Russia has been making a lot of noise over the past few months since the school murders, trying to re-establish itself as a world power.
Show casing new missile systems, building subs for India, the Ukrainian election mess.
The way it looks Putin wants to go back to the former Soviet Union days instead of free market, hmmm one to watch.
No more a superpower, its conventional forces greatly weakened, Moscow increasingly relies on the deterrent power of atomic weapons.
December 6, 2004
By David Holley, Times Staff Writer
MOSCOW — It was near the end of President Vladimir V. Putin's reelection campaign early this year, and two days of high-profile military exercises
highlighting his role as Russia's commander in chief had been marred by failed tests of submarine-launched missiles.
But with a few cryptic words, Putin dispelled the gloom. The exercises, he said at a news conference, confirmed that Russia would soon possess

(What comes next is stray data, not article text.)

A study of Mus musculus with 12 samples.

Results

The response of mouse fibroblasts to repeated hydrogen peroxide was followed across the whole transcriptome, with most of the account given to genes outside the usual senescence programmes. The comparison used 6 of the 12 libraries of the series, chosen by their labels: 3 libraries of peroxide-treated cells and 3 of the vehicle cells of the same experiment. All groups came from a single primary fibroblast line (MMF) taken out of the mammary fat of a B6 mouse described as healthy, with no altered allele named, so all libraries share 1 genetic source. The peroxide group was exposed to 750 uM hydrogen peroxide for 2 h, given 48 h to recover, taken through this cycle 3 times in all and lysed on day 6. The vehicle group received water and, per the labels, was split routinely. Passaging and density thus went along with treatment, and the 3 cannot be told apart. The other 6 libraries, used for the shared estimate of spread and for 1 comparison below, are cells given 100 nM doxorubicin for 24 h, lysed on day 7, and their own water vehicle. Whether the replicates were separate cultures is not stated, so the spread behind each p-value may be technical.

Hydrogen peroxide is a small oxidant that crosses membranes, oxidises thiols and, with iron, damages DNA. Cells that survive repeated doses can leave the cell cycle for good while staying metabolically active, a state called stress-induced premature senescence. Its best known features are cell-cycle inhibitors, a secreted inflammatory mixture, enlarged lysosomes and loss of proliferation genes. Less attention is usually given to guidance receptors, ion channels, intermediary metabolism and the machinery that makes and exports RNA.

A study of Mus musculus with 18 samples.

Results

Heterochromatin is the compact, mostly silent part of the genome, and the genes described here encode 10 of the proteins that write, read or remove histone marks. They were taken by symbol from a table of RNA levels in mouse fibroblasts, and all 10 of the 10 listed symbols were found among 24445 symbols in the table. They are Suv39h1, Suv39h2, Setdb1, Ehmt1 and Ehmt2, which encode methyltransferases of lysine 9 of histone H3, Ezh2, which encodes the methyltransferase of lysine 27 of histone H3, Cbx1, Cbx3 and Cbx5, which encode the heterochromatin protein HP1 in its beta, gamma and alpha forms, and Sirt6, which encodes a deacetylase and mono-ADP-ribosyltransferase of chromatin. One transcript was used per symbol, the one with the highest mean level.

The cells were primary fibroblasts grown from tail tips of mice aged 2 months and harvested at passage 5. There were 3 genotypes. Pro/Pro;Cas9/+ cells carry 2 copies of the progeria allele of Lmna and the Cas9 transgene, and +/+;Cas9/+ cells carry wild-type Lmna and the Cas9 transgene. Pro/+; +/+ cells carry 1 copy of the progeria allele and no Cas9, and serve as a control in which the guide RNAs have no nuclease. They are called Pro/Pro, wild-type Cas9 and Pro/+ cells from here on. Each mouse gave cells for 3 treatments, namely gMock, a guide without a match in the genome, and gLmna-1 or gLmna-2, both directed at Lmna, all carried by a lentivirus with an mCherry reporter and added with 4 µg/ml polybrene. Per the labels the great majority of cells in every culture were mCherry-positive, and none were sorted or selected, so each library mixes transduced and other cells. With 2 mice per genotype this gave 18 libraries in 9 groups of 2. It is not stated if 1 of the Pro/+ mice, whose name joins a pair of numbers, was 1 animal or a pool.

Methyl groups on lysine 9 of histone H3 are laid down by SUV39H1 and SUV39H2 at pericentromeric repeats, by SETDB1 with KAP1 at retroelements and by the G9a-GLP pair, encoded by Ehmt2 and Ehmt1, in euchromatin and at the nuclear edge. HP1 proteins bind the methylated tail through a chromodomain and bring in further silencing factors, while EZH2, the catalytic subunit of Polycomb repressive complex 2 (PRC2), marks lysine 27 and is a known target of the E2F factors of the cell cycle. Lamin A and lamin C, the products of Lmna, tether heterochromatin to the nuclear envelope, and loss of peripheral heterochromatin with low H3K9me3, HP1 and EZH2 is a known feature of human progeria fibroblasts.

intercontinental nuclear weapons capable of maneuvering in flight to evade antimissile defenses.
"No other country in the world has such weapons systems," Putin said. "It means that Russia has been and will remain one of the biggest nuclear
missile powers in the world. Some people may like it and some may not, but everyone will have to reckon with it."
The end of the Cold War, improved relations with the U.S. and the personal rapport between Putin and President Bush have all served to make Moscow's
military seem far less ominous than in Soviet times. On top of that, Russia's conventional forces have vastly weakened.
The sad state of its regular military has forced Moscow to place fresh emphasis on nuclear weapons in order to protect its interests in Europe and
Asia. Washington is building military bases in some former Soviet republics. The North Atlantic Treaty Organization has expanded eastward into the
former Soviet Baltic republics. Washington has continued to develop missile defenses.